How to Live One Day at a Time: Acceptance
Author: Harry Haroutunian, MD
In a previous piece I discussed Awareness, being conscious of what is happening around us and inside us.
In Twelve-Step recovery, awareness is noticing when our behavior is being driven by a character defect (such as dishonesty) rather than a spiritual principle (such as honesty). When we are aware of our behaviors and the motivations behind them (character defects or spiritual principles), we can make efforts to rectify a situation. We can also make a pretty accurate Tenth step inventory and ask our Higher Power to remove these character defects so we can start the day with a clean slate.
Acceptance in recovery is the opposite of “self-will run riot.” We accept people and situations as they are, not as we want them to be. We stop fighting what is and accept is as it is. We realize that what we’re fighting is a universal force. We can’t push against this force long. Eventually, like addiction, it overpowers us and lays us flat out. When we accept things as they are, we go in the same direction as the universal force. We “go with the flow.”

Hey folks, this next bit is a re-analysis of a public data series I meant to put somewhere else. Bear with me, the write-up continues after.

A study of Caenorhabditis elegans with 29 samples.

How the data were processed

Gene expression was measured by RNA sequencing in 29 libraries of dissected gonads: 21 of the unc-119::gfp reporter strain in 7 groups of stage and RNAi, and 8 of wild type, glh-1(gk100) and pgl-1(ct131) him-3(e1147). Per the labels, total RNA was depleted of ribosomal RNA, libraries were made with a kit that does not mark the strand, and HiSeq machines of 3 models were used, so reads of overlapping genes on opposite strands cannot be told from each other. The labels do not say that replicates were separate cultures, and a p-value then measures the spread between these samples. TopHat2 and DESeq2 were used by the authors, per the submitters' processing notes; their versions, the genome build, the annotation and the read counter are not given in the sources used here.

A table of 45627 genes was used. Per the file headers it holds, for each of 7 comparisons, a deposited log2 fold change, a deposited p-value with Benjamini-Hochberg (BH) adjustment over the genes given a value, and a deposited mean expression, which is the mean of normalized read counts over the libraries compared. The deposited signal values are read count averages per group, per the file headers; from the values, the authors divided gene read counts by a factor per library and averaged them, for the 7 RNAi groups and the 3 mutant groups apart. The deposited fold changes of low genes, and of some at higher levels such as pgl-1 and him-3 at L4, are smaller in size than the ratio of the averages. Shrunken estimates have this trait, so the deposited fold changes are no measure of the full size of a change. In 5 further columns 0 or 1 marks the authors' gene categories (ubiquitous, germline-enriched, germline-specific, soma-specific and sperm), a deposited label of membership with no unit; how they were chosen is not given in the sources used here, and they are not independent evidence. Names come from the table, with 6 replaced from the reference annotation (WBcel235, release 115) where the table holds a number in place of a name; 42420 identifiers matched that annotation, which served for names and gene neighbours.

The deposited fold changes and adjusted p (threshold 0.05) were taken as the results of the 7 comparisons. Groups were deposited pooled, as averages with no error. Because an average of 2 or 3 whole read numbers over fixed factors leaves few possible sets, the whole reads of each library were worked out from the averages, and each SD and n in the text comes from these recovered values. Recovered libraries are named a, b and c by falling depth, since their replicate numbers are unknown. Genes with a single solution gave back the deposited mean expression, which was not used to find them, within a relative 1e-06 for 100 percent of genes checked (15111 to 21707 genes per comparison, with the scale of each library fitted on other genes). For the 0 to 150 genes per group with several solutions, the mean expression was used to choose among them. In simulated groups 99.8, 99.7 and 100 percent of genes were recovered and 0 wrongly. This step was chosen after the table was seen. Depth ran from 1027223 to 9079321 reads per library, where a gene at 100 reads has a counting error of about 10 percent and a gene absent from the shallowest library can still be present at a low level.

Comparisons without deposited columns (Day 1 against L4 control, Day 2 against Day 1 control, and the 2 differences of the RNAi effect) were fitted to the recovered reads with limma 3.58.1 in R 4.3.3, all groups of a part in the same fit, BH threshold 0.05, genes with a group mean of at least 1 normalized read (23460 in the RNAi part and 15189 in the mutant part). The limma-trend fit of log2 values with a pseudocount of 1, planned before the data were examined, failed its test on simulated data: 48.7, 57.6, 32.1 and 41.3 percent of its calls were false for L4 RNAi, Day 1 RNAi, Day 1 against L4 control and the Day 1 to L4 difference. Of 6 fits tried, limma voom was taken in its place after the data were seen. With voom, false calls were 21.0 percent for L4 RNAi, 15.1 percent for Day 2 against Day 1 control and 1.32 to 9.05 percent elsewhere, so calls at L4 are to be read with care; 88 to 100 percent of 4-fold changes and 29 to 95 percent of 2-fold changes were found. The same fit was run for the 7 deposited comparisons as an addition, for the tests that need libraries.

At the very moment we do that, the moment of acceptance, we’ve given our will over to our Higher Power so that it can create the best solution, not necessarily the solution we want or in the time frame we want, but the solution that is in the best interest for everyone, whether they see it that way or not. This is when events we might call miracles take place. Three important things to remember in this process are:
- One day at a time means starting each day with a clean slate.
- Recovery is a gift and requires that we live a balanced life.
- Cleaning our slate requires the Tenth Step Prayer, meditation, awareness, and acceptance.